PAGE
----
Leo Tolstoy (1828-1910)
He was born in the familial manor of the Tolstoys near the village of Petrovskoe. He had a tutor, Karl Ivanitch, a German professor who tickled Leo’s toes in the morning to get him up and had a penchant for making things out of cardboard. Karl’s book collection was eclectic: a History of Voyages, Manuring Cabbages in Kitchen Gardens, a History of the Seven Years’ War, and a Course of Hydrostatics. Torn maps hung on the little schoolroom wall along with a blackboard and a stove. Karl was not a tyrannical pedagogue; he was kind and fond of his pupils, and sympathetic to their learning idiosyncracies, which included yelling, running around and occasional practical jokes.
Another intermittent occupant of the house was Grisha, a semi-moronic peasant who loaded himself with chains and spent his nights in the attic moaning to himself. When Leo was ten, he and his brother Woloda traveled to Moscow with their father to stay with their grandmother and to become a bit more civilized. But before they left the family went on a picnic. The weather was hot, the butterflies fluttered about, birds celebrated life, the local river proffered fish and swimming, and there was a sort of hunt. Leo was told to catch a rabbit but he became distracted with a colony of ants and some butterflies. When the two carriages left the next day, crowds of serfs saw them off together with the mother in tears and various housemaids and servants waving pieces of white linen.
Arriving at grandmother’s house, there were more servants to sort them out and visitors came frequently to entertain the two boys while their father went out to earn money. He was a professional gambler. Being short, stout and rather ugly, Leo had some unfortunate social experiences which left him disconsolate and eremitic. Once he forgot his gloves and had to wear an old dirty one at a dance; this appeared to be a traumatic experience for him. In the interim, Leo’s mother died and they returned to Petrovskoe.
Tolstoy considered that the second part of his history, Boyhood, began with his mother’s death. After a period of mourning the family returned to grandmother’s house in Moscow, leaving the country place in the hands of servants. A new tutor was hired, Monsieur St. Jerome, a young person with ambitions. The immediate friction between St. Jerome and Leo resulted from the somewhat corporeal habit of the former’s teaching philosophy. Leo became unmanageable, breaking glasses and mirrors and spending a lot of time hiding in closets. He became aware of mathematics and much preferred that subject to history, which he tried to ignore. By the age of fourteen, though, Leo, through observing servants, became cognizant of love, gradually achieved some scholastic kudos and actually became friends with St. Jerome. During this period he learned the importance of social behavior and grew to be picky about his habiliments and his comportment in social venues.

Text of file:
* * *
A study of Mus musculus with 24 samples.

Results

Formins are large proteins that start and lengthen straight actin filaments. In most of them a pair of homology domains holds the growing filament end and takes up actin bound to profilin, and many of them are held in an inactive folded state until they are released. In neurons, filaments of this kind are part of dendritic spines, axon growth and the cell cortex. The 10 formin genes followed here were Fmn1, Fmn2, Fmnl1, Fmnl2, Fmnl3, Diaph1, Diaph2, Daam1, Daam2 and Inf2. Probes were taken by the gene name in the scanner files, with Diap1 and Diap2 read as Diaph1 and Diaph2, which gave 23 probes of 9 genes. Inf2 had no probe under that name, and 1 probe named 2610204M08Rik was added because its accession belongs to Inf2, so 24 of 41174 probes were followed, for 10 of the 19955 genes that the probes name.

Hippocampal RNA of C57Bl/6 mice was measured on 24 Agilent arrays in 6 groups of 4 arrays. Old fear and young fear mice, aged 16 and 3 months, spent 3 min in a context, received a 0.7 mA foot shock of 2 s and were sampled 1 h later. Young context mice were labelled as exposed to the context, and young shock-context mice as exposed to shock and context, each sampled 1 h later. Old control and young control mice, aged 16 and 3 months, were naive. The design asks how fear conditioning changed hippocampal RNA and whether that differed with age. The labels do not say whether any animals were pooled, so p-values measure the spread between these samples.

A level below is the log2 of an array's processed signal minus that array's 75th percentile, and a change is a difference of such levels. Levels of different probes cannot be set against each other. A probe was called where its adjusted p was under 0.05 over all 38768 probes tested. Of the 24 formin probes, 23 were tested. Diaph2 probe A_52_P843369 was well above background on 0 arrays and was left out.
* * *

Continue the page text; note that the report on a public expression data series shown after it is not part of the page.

His search for “moral improvement” came to occupy much of his time and interest. He developed a few generalizations about behavior: that the past could be eliminated by turning over a new leaf and that superior, upperclass demeanor was imperative if he desired the admiration of others. He wrote a list of Rules for himself regarding his connection with the outside world and attempted to associate with the noble elements of society only. This included some of his elder brother’s friends who drank a lot and conducted themselves in cynical fashion and never seemed to study. Throughout this interval (which Leo labeled his “Youth” autobiographical segment) he became anxious over his upcoming university entrance exams and began studying more intensively. As a result, he passed the exams in history, math and Latin and was admitted. His father gave him money a carriage of his own, horses, and a uniform (he needed one to attend classes).
Leo didn’t study. He made friends, visited other members of the nobility, went to a lot of parties, debated philosophy and politics with various sorts of advocate, and spent money. As a result when the finals arrived an academic year later, he was “plucked” (British slang for flunking out). It was only at this juncture that Leo began to suspect that there was more to life than behaving cynically, attending parties, and dressing well. He writes a new set of “Rules” and at this point the book ends.
This was rather an eye-opener for me. I’d never thought of Tolstoy as a real person with faults and characteristics, but just as a sort of mystical guru living in the countryside and writing novels. But he was quite different than that. He was one of those people who are terrific observers, and he possessed the mathematical ability to arrange what what he perceived in logical order: probably one of the traits that made him a world-class author. Nevertheless he lacked a certain kind of perception: the kind that might have enabled him to see beneath the surface of the upperclass society that he lived in. I think he might have developed it later, but there’s no more autobiography to read, so the question remains unanswered. The prose in this work is occasionally remarkable: unlike the best Nature writers, he hadn’t the gift of reeling out pages of lucid and dramatic description, but he had the ability, in just a few sentences, to make a vista, a rainstorm, a sunlit meadow, explode into the reader’s brainpan. It was quite surprising when it happened and the made the book scintillate briefly, like a bursting coal in the late ashes of a wood fire. I enjoyed it.